By LA Weekly
By Henry Rollins
By Weekly Photographers
By Shea Serrano
By Nate "Igor" Smith
By Dan Weiss
By Erica E. Phillips
By Kai Flanders
“I think Walt Disney music up until around the ‘60s is really beautiful,” says Eshbach. “Mary Poppins was beautiful music. It’s all Gilbert and Sullivan--esque. Disney stuck with a late-19th-century theater form up until the late 1960s, 80 years later! And then all of a sudden, boom! Overnight they said, Enough of this! And now it‘s all crap, washed-out MOR. Nobody I care to talk to has a favorite Disney song that came after the ’60s. Everybody loves ‘Chim Chim Cheree’ or . . .”
“. . . ‘When You Wish Upon a Star,’ the most magical song,” says Geller.
“‘When You Wish Upon a Star’ is really the best thing that Disney did, as far as music goes,” says Eshbach. “With Disney it‘s a work of art . . .”
“. . . with an emphasis on craftsmanship,” says Geller.
“It’s internally consistent, and we all know that ‘Consistency is the hobgoblin of little minds,’” says Eshbach wryly, “but I think that quote came from a very little mind . . .”
The Two Johns
The emphasis on craftsmanship and precision -- “Every time we hand in demos to anybody, they say they‘re the most complicated demos they’ve ever heard,” says Eshbach -- means that when the Sugarplastic perform the occasional live show, inevitably something is lost. And for Eshbach, nothing is gained.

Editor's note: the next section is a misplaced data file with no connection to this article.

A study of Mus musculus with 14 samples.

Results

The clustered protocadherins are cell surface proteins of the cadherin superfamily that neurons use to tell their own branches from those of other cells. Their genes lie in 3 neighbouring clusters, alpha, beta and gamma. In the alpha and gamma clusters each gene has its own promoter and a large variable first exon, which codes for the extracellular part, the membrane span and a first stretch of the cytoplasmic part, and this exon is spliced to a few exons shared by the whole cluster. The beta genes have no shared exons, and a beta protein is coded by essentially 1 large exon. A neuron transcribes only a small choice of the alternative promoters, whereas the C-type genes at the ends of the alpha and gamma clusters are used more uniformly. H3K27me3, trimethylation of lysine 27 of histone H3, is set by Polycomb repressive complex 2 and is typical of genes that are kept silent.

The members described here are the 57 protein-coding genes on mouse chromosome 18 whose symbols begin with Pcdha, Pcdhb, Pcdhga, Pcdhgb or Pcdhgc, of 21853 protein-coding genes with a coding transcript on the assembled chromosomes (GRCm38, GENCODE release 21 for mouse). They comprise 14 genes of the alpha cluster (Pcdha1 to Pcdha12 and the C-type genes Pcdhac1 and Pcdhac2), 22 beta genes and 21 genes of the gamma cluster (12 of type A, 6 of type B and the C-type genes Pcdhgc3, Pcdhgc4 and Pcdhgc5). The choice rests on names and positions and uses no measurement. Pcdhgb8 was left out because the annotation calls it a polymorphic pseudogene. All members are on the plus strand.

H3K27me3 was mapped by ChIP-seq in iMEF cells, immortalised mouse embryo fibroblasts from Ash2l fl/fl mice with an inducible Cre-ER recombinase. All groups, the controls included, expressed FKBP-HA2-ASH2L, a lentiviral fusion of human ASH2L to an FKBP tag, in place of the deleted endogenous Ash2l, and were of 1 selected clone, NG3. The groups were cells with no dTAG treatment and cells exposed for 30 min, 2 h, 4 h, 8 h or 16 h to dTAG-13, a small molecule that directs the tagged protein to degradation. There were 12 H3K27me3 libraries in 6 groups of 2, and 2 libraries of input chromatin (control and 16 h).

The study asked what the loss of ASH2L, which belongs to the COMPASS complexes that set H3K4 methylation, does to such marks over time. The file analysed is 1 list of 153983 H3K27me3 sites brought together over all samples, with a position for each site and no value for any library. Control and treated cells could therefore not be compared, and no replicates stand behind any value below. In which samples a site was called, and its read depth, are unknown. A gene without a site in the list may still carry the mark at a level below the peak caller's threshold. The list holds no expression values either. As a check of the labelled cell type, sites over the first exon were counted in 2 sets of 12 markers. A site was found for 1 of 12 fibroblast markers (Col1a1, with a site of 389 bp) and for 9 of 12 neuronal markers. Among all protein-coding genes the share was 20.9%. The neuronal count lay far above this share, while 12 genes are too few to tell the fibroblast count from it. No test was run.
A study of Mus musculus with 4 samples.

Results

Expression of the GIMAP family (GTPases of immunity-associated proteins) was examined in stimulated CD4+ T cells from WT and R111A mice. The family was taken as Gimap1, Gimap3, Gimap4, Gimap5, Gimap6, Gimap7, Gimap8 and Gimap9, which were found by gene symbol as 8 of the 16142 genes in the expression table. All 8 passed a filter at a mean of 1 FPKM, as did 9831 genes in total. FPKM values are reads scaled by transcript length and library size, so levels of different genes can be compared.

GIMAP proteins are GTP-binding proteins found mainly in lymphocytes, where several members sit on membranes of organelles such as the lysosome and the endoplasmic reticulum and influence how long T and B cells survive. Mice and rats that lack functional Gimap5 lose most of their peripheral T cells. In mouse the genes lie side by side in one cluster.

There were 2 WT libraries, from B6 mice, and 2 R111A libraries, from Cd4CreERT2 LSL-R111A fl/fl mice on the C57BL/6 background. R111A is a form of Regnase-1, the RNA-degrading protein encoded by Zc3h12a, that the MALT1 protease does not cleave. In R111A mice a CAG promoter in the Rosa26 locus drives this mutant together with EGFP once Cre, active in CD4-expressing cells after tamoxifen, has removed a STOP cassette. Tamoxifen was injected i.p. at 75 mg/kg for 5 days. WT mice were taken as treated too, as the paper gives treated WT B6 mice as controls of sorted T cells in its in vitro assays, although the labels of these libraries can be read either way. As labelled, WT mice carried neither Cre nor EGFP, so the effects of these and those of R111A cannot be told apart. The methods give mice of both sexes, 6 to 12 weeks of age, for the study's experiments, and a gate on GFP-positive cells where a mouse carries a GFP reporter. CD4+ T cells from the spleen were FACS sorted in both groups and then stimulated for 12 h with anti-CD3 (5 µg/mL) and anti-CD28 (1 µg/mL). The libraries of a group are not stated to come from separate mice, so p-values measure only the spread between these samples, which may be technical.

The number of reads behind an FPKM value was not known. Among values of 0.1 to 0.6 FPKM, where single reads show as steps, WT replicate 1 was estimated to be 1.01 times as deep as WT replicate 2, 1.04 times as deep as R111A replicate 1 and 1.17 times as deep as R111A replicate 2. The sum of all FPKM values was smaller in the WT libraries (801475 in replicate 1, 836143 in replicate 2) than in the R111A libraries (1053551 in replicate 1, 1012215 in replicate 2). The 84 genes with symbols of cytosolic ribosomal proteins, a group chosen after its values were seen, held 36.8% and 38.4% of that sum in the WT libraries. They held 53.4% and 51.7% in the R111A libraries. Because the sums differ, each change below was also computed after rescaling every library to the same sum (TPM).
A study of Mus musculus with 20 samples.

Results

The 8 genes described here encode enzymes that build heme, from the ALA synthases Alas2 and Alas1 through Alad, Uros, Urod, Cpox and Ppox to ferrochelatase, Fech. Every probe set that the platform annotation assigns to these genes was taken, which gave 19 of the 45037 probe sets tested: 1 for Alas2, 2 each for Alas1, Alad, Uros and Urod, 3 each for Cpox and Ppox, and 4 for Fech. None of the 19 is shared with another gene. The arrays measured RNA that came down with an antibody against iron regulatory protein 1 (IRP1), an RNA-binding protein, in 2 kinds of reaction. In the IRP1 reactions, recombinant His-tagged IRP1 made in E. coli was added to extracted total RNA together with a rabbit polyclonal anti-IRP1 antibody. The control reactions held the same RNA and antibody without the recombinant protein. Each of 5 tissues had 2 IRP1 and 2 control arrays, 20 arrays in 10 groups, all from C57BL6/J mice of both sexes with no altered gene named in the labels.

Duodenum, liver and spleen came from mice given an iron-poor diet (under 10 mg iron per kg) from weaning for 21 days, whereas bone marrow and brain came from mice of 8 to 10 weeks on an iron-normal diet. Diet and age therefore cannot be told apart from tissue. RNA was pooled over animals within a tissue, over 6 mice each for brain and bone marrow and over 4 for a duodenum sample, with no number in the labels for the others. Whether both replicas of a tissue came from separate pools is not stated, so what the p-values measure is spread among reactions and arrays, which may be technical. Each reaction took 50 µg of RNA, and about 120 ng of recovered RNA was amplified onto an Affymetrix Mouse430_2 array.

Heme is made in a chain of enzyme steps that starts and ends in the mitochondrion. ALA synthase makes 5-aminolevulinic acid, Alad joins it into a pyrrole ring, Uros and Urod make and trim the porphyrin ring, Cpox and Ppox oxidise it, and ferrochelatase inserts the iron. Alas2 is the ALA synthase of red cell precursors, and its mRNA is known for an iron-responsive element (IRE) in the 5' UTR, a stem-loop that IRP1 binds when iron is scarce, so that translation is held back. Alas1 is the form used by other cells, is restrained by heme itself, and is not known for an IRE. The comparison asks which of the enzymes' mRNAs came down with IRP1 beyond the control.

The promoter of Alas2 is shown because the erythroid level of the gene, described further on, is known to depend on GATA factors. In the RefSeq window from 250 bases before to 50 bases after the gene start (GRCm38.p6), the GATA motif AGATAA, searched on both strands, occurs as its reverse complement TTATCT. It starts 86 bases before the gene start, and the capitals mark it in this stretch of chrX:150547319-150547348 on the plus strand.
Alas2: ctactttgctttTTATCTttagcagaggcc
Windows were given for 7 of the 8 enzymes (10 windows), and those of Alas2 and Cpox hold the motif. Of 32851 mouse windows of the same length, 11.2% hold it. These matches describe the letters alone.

“Our live set is so much different from what we record,” says Eshbach. “The recorded stuff has all sorts of parts and everything, and the live songs are pretty stripped-down in three pieces. I really don‘t like it. I’ve never understood the live-performance thing. Theater and music are the only two forms of art where you‘re required to do it live. I love hearing the songs in rehearsal, when nobody’s watching, but actually getting up there and having to perform it just boggles my mind. It‘s pointless.”
“It’s like in fourth grade, on my show-and-tell day, I brought two records,” says Eshbach. “One was the soundtrack to Camelot, and the other one was some bagpipe music. And I put them on, and the class was completely quiet. It was maybe 15 or 20 years later that I realized that they must have been laughing at me!
”I guess I‘d feel a lot better if we were just a band covering Sugarplastic songs. I’d like to have somebody who looks like me learn all my parts and go up onstage and play the songs. Then I could be in the audience and hear what we sound like.“
Chuckles all around. The Sugarplastic got the last laugh.